Breast cancer survivors who redefine their goals show an improved well-being overall, according to a new study.
Specialized fantasy computer therapy is just as effective as face-to-face counseling with a clinician for adolescents with depression, according to a new study.
Anti-tobacco television advertising helps reduce adult smoking.
The evacuation method of 'Women and Children First,' adopted by Titanic, which foundered during its maiden voyage a century ago, was only exceptional. More men survive than women and children in real life sea disasters, according to a new study.
Media multitasking, using multiple forms of media simultaneously, enhances multisensory integration, according to a new study.
Pregnant Kourtney Kardashian recently changed her hair color after a long time. Dyeing hair is not a serious issue, but the fact that she is expecting a baby makes the difference. Connecting pregnancy and hair dyeing evokes concern regarding the safety of the unborn baby.
Surprise rippled across America last month as a new wave of consumers discovered that hamburgers often contained ammonia-treated beef, or what critics dub "pink slime".
The blogging community is more racially diverse than one might think. Internet-connected African Americans are more likely to blog than their white and Hispanic counterparts, according to new research from the University of California, Berkeley.
Internet users from countries with a higher per capita gross domestic product (GDP) are more likely to search for information about the future than information about the past, a quantitative analysis of Google search queries has shown.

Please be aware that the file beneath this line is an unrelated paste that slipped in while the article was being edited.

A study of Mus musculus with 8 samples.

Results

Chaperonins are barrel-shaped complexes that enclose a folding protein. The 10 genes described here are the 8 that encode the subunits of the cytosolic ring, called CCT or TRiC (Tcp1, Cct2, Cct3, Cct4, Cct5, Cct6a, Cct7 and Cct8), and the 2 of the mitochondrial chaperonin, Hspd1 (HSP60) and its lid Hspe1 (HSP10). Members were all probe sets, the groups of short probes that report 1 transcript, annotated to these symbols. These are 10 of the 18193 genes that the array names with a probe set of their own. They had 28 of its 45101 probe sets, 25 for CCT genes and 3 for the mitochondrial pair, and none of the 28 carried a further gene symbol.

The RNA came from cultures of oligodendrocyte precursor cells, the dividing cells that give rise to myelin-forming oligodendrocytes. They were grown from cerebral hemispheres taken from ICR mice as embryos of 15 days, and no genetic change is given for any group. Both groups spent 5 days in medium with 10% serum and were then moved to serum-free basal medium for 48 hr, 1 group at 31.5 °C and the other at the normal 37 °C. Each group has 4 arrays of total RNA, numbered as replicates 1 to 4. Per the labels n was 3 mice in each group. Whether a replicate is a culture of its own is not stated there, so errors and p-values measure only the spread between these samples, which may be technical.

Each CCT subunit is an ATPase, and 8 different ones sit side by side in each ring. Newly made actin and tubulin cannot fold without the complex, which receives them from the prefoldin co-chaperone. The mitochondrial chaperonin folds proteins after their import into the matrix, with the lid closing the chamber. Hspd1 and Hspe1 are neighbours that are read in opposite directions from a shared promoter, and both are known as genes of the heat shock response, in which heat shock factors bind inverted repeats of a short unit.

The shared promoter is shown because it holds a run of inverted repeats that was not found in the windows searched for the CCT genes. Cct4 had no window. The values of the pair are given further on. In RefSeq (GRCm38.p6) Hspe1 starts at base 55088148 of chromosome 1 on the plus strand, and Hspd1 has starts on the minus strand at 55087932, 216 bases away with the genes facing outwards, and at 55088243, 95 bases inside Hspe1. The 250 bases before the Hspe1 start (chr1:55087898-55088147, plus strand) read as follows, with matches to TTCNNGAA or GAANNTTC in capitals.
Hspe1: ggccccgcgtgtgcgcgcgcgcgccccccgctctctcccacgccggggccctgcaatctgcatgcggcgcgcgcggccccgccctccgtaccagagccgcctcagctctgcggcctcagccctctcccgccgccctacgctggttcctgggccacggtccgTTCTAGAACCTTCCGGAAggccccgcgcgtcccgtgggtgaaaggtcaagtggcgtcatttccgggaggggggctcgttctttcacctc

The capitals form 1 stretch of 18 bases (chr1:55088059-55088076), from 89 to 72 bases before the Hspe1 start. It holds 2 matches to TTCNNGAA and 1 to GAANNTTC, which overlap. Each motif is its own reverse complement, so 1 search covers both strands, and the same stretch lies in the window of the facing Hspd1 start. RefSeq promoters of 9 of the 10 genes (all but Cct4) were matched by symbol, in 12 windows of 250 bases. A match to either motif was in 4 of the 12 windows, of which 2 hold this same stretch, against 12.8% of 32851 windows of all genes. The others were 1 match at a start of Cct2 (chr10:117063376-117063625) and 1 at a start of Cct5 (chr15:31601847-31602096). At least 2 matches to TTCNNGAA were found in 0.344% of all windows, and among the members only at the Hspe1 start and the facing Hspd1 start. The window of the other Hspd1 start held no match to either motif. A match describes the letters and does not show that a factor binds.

The International Communication Association's flagship journal, Journal of Communication, released a special issue on social media and democracy. As revolutions erupted in real time in Tunisia and Egypt in late 2010 and early 2011, it was obvious that social media were important and not well understood. This special issue has a selection of articles that tell a fascinating but complicated story of media and political change in the Middle East and other countries...
What effect does a TV advert have on a viewer? How does it bring about a change in their knowledge, emotions or intentions? These questions have existed alongside advertising ever since it began. Through a psycho-physiological study developed jointly by El Bureau de la Comunicación, the Tecnalia Centre for Applied Research, and the UPV/EHU, it has been possible to measure the emotional response of a person to a series of television adverts.
Women spend an average of 81 minutes per day on Facebook, whereas men spend 64 minutes. Low educated groups and low income groups who spend more time on Facebook also report feeling less happy and less content with their lives.
Online romance scams, a new form of fraud, is under-reported and increasing, and has victimized 230,000 people in Great Britain, ...
Tragedies tend to make people happier according to a new study.
A 35-year-old Florida man pleaded guilty on Monday to hacking into the email accounts of movie stars Scarlett Johansson, Mila Kunis and Christina Aguilera, and was ordered into custody.